Filmmaker Letter

By the Grace of God

by writer/director François Ozon

My Secret Inspiration

My starting point for this film came from a desire to explore masculine fragility and sensitivity. My films are often about strong women. This time, I wanted to show men suffering and expressing deep emotions. As a matter of fact, my working title for the project was The Crying Man.

In 2018, I discovered La Parole Libérée (Lift the Burden of Silence), a website created by men who had been abused as children by a Catholic priest in Lyon. I was particularly touched by Alexandre, a fervent Catholic who was finally able to tell his story at the age of forty. The website was full of powerful personal accounts, interviews, articles and email exchanges with local Catholic authorities. I’d found my subject. I would tell the story of three men, and how each of them decides to lift the burden of silence: one within the Church, one through the media, and one in the justice system.

The film begins with a David and Goliath battle, as Alexandre takes on the Catholic institution. Then he hands the fight over to François, who creates a collective, an association to support the victims. Through the association, a new victim comes forward: Emmanuel. These three men are fighting the same fight, each in their own way, with their own weapons, and while grappling with their own family and social repercussions.

The film is centered around words, but it was also necessary to conjure images to evoke the violence these men experienced as children. For each of them, I created a flashback that shows almost nothing—a short walk, a door opening, a tent closing—but suggests everything in the space of an instant, through places, the use of light....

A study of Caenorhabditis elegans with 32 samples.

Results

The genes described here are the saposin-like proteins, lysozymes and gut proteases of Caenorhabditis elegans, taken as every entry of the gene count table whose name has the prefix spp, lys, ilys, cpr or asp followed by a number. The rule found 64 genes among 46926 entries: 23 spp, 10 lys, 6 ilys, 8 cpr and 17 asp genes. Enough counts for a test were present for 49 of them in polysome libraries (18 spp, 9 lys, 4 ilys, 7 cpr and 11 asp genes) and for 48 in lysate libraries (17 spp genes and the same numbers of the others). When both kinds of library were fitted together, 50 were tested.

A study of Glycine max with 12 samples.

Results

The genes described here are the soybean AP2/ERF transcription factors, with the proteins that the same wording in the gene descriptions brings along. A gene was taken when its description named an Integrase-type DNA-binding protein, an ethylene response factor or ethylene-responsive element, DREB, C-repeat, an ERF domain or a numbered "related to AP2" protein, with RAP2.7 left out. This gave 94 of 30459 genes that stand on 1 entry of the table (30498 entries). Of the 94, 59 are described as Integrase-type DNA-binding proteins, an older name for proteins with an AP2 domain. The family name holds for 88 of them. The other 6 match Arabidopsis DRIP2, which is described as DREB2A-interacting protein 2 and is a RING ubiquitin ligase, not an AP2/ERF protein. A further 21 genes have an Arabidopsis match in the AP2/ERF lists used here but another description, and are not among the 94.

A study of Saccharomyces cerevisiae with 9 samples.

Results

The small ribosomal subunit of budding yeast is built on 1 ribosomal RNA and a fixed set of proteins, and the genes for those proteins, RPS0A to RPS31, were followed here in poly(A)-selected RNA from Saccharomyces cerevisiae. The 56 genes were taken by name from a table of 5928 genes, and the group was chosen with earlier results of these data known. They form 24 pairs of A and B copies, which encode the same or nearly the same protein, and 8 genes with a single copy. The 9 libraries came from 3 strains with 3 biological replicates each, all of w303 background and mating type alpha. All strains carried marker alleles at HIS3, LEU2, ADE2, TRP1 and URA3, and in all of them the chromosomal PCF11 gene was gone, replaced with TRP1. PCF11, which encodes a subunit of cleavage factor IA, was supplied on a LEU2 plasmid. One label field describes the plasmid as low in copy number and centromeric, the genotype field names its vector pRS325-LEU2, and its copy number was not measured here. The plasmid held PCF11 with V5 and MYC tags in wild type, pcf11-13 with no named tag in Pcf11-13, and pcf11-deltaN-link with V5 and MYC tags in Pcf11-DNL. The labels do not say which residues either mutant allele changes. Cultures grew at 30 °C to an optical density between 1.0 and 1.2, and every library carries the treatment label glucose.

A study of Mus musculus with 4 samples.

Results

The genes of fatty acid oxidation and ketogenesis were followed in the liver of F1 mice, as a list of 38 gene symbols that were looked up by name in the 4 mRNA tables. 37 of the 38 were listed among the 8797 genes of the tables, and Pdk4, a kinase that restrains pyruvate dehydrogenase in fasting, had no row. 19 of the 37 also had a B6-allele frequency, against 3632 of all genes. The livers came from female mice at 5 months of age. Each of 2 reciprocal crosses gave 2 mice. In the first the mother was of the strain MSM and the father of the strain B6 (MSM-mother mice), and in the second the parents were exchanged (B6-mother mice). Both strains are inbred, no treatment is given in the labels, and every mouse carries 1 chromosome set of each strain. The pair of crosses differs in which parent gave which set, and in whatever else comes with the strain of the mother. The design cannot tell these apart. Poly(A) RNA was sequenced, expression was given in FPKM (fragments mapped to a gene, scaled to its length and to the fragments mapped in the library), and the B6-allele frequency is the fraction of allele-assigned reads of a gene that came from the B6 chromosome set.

As I worked on these scenes, after interviewing many victims about the times they were abused, suddenly I remembered a scene from my own childhood that I had totally forgotten, or perhaps blocked out.

One day, at catechism, when I was eight years old, we were playing a game of hide-and-seek. A priest I liked very much told me he knew a great hiding place and took me there. I followed him innocently to a dark doorway, where he held me tight. It was strange. I felt his adult body against my small frame. His breathing was so loud. I remember thinking, “He's breathing too loud, they’ll find us!” Now I understand he was fighting against repressed lust. A few long minutes passed. I can still see myself pushing him away and running to join my friends. The game of hide-and-seek was over.

This long-lost memory triggered a feeling of vertigo. Suddenly I had a deeper understanding of the victims. And I realized that I myself had come very close to a horrifying and tragic thing that could have greatly damaged me. If that priest had crossed the line, it would have altered the course of my life.

That's when I truly understood why I wanted to make this film. Why I needed to make it.